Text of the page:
In this age of artificial intelligence and job loss through automation, Red Deer metal artist Lyle Keewatin Richards could be sending an “apocalyptic warning” through his show at the Kerry Wood Nature Centre.
His welded sculptures of humanoids, animals and insects, created with nuts, bolts, cogs, gears and bearings, can be interpreted in two ways: As whimsical and imaginative — or as ominous portents of the future.
“It could be an apocalyptic warning of what could happen if we go too far down the bio-mechanical hybrid path,” said Richards, indicating the small grouping of human-like figures he created that resemble a robot army.
With technological advancements making many employees redundant, he fears the coming years for people on Earth could unfold like in the 1927 sci-fi movie Metropolis: “We could see people working for the machines, rather than the machines working for us…”
But that’s only a jaded, adult interpretation of his exhibit.
Children view Richard’s sculptures in his steam punk-inspired Metal and Whimsy show at the Marjorie Wood Gallery with wide-eyed fascination.
Kids love putting their hands on the chunky pieces he’s made out of old sewing machine, engine, or cook-stove parts, so he’s dulled some sharper bits, and placed more precarious objects out of reach.
Richards spent his childhood living “all over Central Alberta” after being adopted as an Indigenous toddler into a white family during the ‘60s scoop.
He said he always felt loved. But he was looking for something that he couldn’t find until he reconnected with his Cree birth parents from a Saskatchewan reserve at age 25.
When he was 11 in 1970, his adoptive parents split up and he moved with his mother to the West Coast. He recalled his artistic side being sparked by a flourishing of experimental “hippie art.”
As a searching teen, Richards tried both school art and shops classes and became equally dedicated: “My art teacher and my industrial-ed teacher would argue over whether I as going to be an artist or a welder,” he recalled, with a chuckle.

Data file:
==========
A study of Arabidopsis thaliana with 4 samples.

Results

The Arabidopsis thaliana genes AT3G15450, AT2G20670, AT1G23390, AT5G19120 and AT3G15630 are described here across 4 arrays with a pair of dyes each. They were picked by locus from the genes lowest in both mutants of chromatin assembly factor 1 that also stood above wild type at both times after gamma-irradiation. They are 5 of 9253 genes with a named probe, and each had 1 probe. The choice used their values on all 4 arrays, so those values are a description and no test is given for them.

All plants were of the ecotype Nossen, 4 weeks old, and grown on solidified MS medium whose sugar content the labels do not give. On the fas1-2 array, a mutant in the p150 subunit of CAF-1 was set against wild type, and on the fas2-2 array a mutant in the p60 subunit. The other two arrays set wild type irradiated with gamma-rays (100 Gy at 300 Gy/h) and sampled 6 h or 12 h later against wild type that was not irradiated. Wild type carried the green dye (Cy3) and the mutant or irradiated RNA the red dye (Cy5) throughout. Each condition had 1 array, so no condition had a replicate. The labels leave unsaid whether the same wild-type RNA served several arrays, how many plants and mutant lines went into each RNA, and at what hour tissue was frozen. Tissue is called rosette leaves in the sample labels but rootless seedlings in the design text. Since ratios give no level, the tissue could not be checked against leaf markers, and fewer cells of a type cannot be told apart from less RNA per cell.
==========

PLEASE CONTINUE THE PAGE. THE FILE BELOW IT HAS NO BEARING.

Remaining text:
Richards became a journeyman welder-turned-social worker, who’s now on leave for health reasons. He started his metal art-making in 2008, when some odd nuts and bolts caught his eye.
He recalled fitting them together in various ways, bringing out his small welding torch, and creating a small man-like figure with a cowboy hat.
Richards describes going into a a zen-like state whenever he sits down with a box full of spare parts and begins to create.
He doesn’t set out deciding what to assemble — the metal creations “build themselves … you start out with some spare parts and, next thing you know, you have a motorcycle flying through the air…”
Richards is also a local advocate for aboriginal issues. He was recently awarded, along with the late Don Hepburn, an honorary doctorate of sacred letters from St. Stephen’s College on the University of Alberta campus.
It was for their work in researching and reclaiming the graveyard of Red Deer’s former Indian Residential School through the Remembering the Children Society.
Aboriginal culture doesn’t really inform the metal art he creates, he admitted. But it does influence the way he views his art.
Richards said he never likes to impose on people what they should get out of seeing his show: “I just hope people like it, and they take from it what they will.”
Metal and Whimsy continues to Feb. 22.